Have you ever thought about taking your own life? There are so many people who have considered it, and an ever-growing number of those who make this unfortunate choice these days. I have some suggestions to help keep you from becoming a statistic, and hopefully to also turn your life around as well.
The Numbers are Staggering
You can Google statistics on suicide anytime, but something that stood out to me this last week in watching a world news broadcast was that some 60% of gun deaths in the US in the last year or so have been suicides, and that number winds up totaling over 24,000 people a year. A much larger group suffers from suicidal thoughts and feelings, but doesn’t ever complete a suicide. So suffice it to say there are a huge number of people in our modern world that suffer from feeling suicidal.
Here Are the 5 Things You Need To Do If Feeling Suicidal
Have a crisis and safety plan with a mental health professional: These are 3 to 5 steps you can take if you feel unsafe or don’t want to live at any given time. They almost always involve contacting someone who you trust or is safe, but must allow you to get out of an unsafe place where you might wind up killing yourself if you don’t.
If you own guns, give them to someone else who will keep them safe for you. Likewise, if you have access to other means of killing yourself, find a way of getting that out of your living space or set some boundaries or guidelines that will help keep you from using them to off yourself.
Work with a mental health professional to treat the underlying cause of feeling suicidal. There are many causes of suicidal ideation and feelings, like emotional pain and self-hate. Often these are due to depression, bipolar disorder, or PTSD. Having a well-trained and trusted therapist is the best way of resolving these. Often a psychiatrist is needed as well to manage medications that can help you get better.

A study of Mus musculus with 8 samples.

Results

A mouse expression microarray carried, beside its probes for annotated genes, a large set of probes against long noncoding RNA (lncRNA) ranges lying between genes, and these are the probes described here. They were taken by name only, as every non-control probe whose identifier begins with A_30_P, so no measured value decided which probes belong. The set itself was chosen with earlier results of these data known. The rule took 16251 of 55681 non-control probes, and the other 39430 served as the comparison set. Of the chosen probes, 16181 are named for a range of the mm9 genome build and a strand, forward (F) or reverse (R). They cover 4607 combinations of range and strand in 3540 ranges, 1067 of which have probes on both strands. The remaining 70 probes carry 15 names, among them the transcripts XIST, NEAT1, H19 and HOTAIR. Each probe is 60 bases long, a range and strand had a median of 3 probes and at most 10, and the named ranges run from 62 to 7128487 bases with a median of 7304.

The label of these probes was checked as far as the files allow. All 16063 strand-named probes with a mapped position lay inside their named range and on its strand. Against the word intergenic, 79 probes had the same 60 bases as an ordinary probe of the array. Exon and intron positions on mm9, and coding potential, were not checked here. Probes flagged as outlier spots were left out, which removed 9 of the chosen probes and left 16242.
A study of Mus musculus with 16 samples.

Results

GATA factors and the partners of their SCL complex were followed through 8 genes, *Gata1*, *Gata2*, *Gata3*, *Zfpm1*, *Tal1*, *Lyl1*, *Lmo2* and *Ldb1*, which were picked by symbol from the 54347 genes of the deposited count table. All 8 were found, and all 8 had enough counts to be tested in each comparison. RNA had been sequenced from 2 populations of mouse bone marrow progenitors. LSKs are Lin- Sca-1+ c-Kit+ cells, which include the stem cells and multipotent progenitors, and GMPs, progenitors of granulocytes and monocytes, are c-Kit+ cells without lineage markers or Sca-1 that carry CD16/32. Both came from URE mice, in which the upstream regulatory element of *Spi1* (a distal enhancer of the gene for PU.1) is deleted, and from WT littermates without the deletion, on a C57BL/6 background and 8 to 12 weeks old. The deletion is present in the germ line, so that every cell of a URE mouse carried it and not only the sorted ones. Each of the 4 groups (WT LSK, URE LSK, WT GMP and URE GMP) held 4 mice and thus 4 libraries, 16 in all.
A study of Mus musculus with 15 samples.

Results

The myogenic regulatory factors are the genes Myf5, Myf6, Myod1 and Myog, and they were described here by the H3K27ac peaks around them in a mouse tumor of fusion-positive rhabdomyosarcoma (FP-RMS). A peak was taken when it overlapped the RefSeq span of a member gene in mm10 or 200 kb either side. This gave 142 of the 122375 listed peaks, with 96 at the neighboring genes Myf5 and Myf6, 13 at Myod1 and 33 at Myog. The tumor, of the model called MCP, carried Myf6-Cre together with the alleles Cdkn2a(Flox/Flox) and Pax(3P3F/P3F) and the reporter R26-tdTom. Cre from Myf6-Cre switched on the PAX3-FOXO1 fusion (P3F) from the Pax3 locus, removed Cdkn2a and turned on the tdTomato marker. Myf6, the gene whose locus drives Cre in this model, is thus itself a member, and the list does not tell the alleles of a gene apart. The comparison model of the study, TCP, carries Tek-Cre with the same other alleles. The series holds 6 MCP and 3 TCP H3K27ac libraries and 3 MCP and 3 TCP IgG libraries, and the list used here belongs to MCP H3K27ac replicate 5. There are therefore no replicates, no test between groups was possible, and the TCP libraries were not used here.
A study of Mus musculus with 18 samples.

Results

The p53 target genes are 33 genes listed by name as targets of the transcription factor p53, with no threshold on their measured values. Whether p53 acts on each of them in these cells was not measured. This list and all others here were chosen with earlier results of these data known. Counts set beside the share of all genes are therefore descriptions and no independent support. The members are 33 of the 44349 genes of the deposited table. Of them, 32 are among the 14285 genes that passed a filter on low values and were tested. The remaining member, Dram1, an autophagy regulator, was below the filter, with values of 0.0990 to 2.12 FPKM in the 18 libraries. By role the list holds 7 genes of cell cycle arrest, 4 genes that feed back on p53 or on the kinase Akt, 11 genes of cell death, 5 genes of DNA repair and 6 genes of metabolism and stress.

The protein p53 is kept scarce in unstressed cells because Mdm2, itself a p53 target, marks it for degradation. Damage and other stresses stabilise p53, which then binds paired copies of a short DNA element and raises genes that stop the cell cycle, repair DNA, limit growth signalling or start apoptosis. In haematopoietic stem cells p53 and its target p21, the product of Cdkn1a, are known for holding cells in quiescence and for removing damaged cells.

Avoid substances that negatively affect your mood. These include many intoxicating substances like alcohol and street drugs. If you are depressed and you consume depressants, that’s only making the problem worse because you are more likely wind up more depressed and suicidal. Also, drugs like alcohol reduce your inhibitions and increase the chance you’ll wind up doing something drastic.
Find and focus on reasons for living. These can range from children to friends, pets, and other living things you care for. If nothing else realize that nothing good can happen if you die, but if you stay alive there is at least the possibility for things to get better.
Who Can Help You With Feeling Suicidal
Just about anybody who cares about you can help, but trained therapists and psychiatrists are the ones who are the best at helping people deal with this. I have been helping people with some degree of suicidality for about 10 years now as a therapist, but if you feel suicidal and have even the smallest desire to get help, I urge you to call 1-800-SUICIDE or a local crisis helpline. Where I live in Austin, that number is 512-472-4357. I have worked successfully with many clients to struggle with this issue, and although I can’t guarantee I can help you get past this issue, I can assure you that better days are ahead if you get help and are willing to commit to safety one day at a time. You can call me at 512-374-0100 if this is something you struggle with and want to find out if I can help you, or leave your contact information in the space below. If nothing else, I can direct you to someone who is likely to help you in getting out of the dark place you’re in. It takes more bravery to ask for help than to take one’s own life, because that calls on you having the courage to live!
About the author: Scott Kampschaefer, LCSW is a private practice therapist in Austin, Texas. He has an extensive background in working with depression, anxiety, and bipolar disorder at a clinic for older adults with these disorders in Austin. He now works with adults and adolescents of all ages in private practice.